2.2. Cocoa, Polyphenols and Cardiovascular Disease
Evidence based on epidemiological studies suggests that dietary flavonoids may play a critical role in the prevention of coronary heart disease (CHD).
Cocoa (Theobroma cacao) and its derived products, such as chocolate, represent a very rich source of dietary flavonoids, containing a higher content per serving than tea, red wine, legumes or fruits. The health benefits associated with cocoa consumption have been related to their protective effect mainly against cardiovascular diseases, but also in other diseases such as age-related cognitive decline.
Observational studies have shown that the Kuna Indian population from the San Blas Islands of Panama have very low rates of hypertension and cardiovascular disease, effects that have been related to their high intake of cocoa. Clinical trials have also evaluated the effects of cocoa intake on different cardiovascular risk factors.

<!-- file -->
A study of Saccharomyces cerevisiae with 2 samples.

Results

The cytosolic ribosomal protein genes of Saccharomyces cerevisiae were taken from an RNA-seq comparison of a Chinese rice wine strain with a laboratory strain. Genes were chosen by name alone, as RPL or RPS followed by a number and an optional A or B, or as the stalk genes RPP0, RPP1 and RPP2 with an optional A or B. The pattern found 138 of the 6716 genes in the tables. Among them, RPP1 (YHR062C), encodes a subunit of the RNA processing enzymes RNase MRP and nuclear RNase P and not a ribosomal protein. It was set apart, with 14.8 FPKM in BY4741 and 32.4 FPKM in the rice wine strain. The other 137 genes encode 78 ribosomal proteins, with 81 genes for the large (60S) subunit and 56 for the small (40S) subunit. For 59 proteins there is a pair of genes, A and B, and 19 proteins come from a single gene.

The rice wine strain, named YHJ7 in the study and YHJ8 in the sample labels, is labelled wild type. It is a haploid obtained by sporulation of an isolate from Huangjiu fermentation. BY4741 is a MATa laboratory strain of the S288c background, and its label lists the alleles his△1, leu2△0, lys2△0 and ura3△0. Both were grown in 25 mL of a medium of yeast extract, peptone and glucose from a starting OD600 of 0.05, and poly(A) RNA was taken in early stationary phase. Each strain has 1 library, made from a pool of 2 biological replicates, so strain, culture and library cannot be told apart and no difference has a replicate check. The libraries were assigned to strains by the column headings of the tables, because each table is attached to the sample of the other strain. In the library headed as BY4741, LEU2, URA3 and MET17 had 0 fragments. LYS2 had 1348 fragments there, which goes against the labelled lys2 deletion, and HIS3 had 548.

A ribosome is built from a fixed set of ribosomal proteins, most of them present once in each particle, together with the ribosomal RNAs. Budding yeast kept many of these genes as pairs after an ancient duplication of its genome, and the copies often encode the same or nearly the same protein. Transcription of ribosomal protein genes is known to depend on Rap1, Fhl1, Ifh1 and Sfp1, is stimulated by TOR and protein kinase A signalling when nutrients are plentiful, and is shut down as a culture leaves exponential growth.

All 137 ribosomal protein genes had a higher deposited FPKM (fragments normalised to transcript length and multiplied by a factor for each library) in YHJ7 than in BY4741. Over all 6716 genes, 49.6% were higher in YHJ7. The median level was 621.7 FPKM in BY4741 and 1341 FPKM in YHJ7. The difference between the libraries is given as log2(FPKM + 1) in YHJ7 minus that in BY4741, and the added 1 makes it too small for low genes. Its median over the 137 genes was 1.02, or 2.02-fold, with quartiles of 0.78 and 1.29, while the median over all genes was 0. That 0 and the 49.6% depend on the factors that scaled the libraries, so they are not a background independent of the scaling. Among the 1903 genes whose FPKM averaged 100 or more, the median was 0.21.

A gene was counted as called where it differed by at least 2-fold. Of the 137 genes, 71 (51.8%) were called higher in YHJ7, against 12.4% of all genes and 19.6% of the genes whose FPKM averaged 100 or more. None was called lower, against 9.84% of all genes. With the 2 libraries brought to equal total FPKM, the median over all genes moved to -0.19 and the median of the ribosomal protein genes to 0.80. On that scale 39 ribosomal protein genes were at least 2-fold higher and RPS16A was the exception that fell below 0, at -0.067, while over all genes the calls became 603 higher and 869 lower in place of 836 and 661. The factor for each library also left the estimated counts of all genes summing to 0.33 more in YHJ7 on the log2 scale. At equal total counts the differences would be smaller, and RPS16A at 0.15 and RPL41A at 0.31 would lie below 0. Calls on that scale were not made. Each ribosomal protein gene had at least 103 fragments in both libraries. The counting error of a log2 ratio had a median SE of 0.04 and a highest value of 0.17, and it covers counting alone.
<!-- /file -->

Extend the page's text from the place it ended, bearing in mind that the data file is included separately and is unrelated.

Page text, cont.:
Several studies have confirmed that cocoa intake reduces blood pressure in normotensive and hypertensive subjects. In fact, dark chocolate intake increases nitric oxide (NO) generation, which leads to vasodilatation, and reduces systolic and diastolic blood pressure by 2.77 mmHg and 2.20 mmHg, respectively, whereas white chocolate does not reduce blood pressure.
Another mechanism by which flavanols may lower blood pressure is by the inhibition of angiotensin-converting enzyme (ACE). In addition, cocoa intake improves lipid profile and insulin sensibility, reduces platelet activity and function, and ameliorates endothelial dysfunction. At least some of these other beneficial effects have also been attributed to anti-inflammatory and antioxidant activities of polyphenols contained in cocoa. Therefore, the addition of dark chocolate to a well-balanced healthy diet such as a Mediterranean diet, offers a palatable option to preventing cardiovascular disease.